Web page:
Research Learning Communities
Research Learning Communities (RLC) was an intervention that aimed to raise teachers’ awareness, understanding, and use of educational research in developing their practice, with the ultimate aim of improving pupil outcomes. Evidence Champions from each school attended RLC workshops in which they discussed research with academic experts and colleagues from other schools.
Opinion leaders promoting evidence use in their schools.
University of Bristol
Staff deployment & development
Organising your school
Creating knowledge of what works in education is a useful first step. But if this research does not reach teachers or is not acted upon, then a growing evidence base will not be enough to improve pupil outcomes. For this reason, the EEF has funded this study, along with a number of related projects on research use in schools, which aimed to test the best ways of engaging teachers with relevant research.
The evaluation did not find any overall improvement in pupils’ reading results. However, the study suggests that there may be a relationship between how engaged teachers are with research, and the attainment of their pupils. There was also some tentative evidence that being in an RLC increased teachers’ disposition towards research. While these results should be treated with caution, they are of interest because they suggest one possible way in which RLC could improve pupil outcomes over the longer term: by promoting a teacher characteristic - research engagement - which is linked to positive pupil outcomes.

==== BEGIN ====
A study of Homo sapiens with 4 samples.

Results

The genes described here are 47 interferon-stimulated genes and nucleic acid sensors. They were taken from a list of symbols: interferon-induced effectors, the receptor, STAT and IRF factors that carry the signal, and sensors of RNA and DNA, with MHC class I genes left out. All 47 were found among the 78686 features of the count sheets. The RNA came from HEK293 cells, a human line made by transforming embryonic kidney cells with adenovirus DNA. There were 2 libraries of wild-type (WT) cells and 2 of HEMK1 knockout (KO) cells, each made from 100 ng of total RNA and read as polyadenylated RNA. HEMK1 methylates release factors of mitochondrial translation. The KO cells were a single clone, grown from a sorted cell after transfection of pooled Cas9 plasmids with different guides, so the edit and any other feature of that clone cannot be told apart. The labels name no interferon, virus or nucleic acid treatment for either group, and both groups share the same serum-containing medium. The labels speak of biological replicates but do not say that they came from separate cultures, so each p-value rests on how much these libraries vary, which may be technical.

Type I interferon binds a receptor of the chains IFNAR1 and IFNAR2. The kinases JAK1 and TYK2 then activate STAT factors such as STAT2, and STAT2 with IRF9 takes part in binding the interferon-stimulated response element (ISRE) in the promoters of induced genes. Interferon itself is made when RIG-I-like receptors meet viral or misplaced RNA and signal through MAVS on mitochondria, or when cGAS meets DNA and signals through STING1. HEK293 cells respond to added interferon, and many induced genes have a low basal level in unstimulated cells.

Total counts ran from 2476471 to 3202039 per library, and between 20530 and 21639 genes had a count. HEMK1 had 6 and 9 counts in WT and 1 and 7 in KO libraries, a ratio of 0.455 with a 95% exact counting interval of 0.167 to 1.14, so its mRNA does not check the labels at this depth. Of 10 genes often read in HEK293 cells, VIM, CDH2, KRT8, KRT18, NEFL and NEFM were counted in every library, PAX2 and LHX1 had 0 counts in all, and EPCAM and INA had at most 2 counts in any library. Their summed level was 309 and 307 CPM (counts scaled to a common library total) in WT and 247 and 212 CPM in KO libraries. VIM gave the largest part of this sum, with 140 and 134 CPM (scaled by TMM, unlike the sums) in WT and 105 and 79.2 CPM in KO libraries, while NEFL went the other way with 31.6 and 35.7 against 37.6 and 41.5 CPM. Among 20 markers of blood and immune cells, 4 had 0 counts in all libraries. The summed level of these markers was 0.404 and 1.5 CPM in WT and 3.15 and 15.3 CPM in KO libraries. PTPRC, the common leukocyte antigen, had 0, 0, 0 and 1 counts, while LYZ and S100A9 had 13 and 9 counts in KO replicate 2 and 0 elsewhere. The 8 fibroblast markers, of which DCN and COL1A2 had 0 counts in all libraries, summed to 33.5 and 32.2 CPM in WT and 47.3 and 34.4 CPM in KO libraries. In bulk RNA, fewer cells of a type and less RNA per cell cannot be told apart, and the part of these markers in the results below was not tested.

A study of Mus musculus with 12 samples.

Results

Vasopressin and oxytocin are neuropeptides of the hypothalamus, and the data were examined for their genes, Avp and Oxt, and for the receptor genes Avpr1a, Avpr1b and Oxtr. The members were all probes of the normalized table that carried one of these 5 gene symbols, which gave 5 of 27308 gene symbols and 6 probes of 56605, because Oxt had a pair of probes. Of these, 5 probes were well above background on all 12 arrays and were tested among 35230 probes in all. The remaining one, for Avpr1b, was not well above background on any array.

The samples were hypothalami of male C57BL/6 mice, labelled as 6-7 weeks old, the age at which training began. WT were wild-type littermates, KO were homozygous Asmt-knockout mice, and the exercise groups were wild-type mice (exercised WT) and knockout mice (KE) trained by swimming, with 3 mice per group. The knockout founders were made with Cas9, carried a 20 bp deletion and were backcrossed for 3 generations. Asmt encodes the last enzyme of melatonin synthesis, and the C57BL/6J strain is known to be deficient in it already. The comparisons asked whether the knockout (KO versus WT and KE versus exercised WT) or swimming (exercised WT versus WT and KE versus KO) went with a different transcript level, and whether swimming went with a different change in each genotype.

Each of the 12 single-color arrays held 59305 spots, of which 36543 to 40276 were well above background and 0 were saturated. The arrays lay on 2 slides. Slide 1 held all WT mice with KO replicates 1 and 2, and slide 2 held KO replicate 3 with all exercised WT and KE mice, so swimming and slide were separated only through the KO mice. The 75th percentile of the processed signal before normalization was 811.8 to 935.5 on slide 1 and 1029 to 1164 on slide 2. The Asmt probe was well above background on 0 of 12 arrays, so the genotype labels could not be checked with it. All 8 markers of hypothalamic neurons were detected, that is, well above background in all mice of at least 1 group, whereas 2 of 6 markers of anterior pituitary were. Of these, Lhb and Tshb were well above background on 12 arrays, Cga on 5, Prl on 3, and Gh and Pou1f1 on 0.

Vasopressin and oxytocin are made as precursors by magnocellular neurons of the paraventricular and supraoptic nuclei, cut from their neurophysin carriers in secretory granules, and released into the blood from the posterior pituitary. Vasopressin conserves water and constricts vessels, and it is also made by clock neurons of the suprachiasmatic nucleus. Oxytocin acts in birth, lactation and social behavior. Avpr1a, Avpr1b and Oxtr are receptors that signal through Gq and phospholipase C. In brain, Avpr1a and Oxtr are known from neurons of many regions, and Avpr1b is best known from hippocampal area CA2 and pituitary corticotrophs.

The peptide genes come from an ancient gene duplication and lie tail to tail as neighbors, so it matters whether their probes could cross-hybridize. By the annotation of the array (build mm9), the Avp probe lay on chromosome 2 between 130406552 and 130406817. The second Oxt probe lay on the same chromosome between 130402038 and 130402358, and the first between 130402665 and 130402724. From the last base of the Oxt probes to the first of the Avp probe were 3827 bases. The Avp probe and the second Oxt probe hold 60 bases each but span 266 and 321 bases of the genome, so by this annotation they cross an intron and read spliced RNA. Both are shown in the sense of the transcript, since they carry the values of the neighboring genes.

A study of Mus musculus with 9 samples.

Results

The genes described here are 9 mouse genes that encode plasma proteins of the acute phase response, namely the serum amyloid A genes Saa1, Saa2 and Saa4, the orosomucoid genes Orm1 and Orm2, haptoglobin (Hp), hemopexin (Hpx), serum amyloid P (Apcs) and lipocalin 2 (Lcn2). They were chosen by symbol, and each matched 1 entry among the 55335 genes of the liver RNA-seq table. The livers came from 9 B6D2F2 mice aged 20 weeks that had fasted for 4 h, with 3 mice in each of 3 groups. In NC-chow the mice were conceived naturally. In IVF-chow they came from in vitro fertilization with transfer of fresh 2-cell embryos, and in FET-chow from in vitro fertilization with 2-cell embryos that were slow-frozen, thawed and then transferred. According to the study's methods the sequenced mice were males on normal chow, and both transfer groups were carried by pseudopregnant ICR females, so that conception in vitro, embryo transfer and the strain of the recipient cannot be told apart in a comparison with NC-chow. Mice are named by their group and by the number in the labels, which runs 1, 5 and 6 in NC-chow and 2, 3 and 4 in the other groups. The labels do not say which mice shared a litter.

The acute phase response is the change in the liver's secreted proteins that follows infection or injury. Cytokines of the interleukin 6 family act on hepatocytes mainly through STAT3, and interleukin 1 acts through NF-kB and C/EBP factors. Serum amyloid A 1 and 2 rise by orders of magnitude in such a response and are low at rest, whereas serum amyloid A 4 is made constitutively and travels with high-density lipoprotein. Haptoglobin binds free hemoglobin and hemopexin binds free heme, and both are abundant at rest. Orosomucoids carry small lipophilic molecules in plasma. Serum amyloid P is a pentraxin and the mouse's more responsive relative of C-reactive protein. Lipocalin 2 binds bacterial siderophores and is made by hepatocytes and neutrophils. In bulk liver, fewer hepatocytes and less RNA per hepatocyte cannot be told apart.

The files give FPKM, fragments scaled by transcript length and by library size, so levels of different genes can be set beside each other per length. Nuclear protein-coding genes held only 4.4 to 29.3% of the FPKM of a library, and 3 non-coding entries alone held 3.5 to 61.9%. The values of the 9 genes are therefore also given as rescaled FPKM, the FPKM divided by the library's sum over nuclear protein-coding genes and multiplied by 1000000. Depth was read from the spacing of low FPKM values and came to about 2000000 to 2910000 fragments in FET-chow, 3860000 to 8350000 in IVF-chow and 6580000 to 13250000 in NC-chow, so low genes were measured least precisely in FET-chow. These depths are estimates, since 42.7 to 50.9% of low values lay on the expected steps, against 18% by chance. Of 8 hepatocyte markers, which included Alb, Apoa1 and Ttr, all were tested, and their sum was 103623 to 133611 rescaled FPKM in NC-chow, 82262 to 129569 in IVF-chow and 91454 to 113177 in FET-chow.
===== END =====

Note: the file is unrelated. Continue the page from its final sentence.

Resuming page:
Teachers in the study reported several challenges to engaging with research, particularly lack of time and staff turnover among research champions. The Education Endowment Foundation will continue to explore innovative ways of encouraging teachers to use research, including through our Research Schools and on-going Campaigns.
The project found no evidence that Research Learning Communities improves reading outcomes for children at Key Stage 2.
The project did find a positive impact on teachers’ disposition towards research. There was, however, some evidence that this impact may have been influenced by other factors such as the level of postgraduate qualifications or seniority of teachers that took part in the intervention.
Exploratory analysis identified some evidence of a small positive relationship between teachers’ disposition towards research and pupil outcomes, irrespective of involvement in an RLC.
Evidence Champion roles in each school were intended to be held by the same people throughout the intervention, to support the development of a research-focused culture within each school. Staff turnover was therefore a barrier to implementation.
Some teachers felt that it may take a number of years for participation in an RLC to change teaching practice and improve pupil outcomes. Future research could therefore examine longer term impacts.
The trial was funded by the Education Endowment Foundation (EEF), the Department for Education and the Mayor’s London Schools Excellence Fund as part of a round of funding exploring Research Use in Schools. The intervention ran for two academic years (from October 2014 to June 2016). This project used a randomised controlled trial to measure the impact of the intervention on teacher research engagement (measured with a survey) and on KS2 reading outcomes for Year 6 pupils.
The evaluation was an efficacy trial. Sixty primary schools working across 14 RLCs were allocated to the treatment group, and 59 to the control group. A total of 5462 pupils were involved. The process evaluation included staff interviews, surveys of the Evidence Champions, and visits to RLC workshops.